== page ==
While Dwivedi and her family view her bleeding as a medical condition so rare that doctors do not understand it, some people who claim to have the same inexplicable bleeding decide not to seek a medical cure.
In 1999, the Rev. Zlatko Sudac, a Croatian Roman Catholic priest, claimed he began bleeding from a cross-shaped wound on his forehead, according to a story about his 2002 visit to New York City in New York Magazine.
One year later, Sudac said he also started bleeding on his wrists, feet and side -- all locations associated with biblical accounts of Jesus Christ's wounds during the crucifixion.
Dwivedi also reported bleeding associated with stigmata such as "sweating blood," bleeding from her eyes and bleeding from her hands and feet. But the reaction to Sudac's symbolic wounds was quite different.
The Dwivedi's family reported that people doubted their claims at first, but most came to believe them and either pitied them or avoided the family.
Jeetu Tiwari, a 7-year-old boy who lives nearby, got so frightened the first time he saw Dwivedi bleeding that he ran inside his house. Now his father asks him to stay away.
"It looked like she had injuries all over her head," Tiwari said. "That was quite frightening."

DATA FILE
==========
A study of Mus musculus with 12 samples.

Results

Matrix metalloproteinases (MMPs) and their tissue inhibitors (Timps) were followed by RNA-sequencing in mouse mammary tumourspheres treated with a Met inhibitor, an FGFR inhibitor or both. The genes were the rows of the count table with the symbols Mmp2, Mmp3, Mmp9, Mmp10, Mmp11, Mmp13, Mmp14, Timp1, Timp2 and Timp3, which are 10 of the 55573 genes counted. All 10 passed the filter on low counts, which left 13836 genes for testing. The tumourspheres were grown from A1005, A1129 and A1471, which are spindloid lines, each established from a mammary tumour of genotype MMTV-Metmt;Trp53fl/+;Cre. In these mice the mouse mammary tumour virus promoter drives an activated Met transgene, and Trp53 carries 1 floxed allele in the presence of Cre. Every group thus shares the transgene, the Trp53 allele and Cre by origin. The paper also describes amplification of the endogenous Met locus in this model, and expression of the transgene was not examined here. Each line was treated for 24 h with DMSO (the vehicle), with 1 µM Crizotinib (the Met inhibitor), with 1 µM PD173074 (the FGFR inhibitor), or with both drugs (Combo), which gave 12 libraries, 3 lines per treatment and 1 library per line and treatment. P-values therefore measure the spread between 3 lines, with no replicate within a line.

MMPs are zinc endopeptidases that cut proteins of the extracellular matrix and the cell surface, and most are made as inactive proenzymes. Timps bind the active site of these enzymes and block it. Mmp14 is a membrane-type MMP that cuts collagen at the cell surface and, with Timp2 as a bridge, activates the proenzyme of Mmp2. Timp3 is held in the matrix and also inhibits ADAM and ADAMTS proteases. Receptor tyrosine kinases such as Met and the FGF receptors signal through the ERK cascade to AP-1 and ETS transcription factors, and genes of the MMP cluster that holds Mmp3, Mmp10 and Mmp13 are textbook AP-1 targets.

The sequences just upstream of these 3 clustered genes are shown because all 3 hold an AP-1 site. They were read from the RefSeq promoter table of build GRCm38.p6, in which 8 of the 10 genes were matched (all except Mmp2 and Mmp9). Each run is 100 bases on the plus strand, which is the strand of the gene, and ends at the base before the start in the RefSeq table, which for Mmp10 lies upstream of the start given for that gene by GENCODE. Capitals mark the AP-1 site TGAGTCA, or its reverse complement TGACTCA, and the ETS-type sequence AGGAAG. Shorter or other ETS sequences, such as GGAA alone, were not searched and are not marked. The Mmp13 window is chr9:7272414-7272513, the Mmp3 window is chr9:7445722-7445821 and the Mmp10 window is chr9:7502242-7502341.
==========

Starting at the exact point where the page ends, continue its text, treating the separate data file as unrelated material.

While neighbors ran from Dwivedi, local newspapers, such as the New York Daily News reported churches overflowing with people who'd come to see Sudac. Now Web sites devoted to him carry his picture and prayers.
Meanwhile, Sudac was met with equal disbelief and skepticism. He reportedly does not give interviews to the media, and at the time of his visit to New York, even the Catholic Church refused to make any judgment.
"There's no indication he's been anything but a good priest. As far as the stigmata is concerned, there has been no position taken on that," Frank DeRosa, spokesman for the Diocese of Brooklyn and Queens, told the New York Daily News.
While Sudac attributes his bleeding to faith, and Dwivedi is searching for a physical explanation, many top doctors would take an entirely different view: either completely disbelieve it or search for psychological reasons.
"I was in a clinical center in the [National Institutes of Health] and I saw many, many cases -- they actually can bleed into their skin," said Dr. Louis Aledort, a professor of medicine at Mount Sinai Hospital and a hematologist specializing in bleeding and coagulation disorders.
"I must have seen in my career, 20 patients about this," Aledort said.
Aledort said the causes are debated, but many believe it is a subconscious action of the brain due to trauma. First, the person bruises, even under the protection of a cast, and then rarely, people bleed through the skin.
"They can have spontaneous bleeding into the skin that is controlled by the emotions," Aledort said. "These people are not doing it on purpose and nobody understands how it works, but clearly blood vessels can be controlled by emotions."
In 2000, Turkish doctors reported a case of psychogenic purpura with symptoms similar to stigmata in the May edition of the journal Psychosomatics.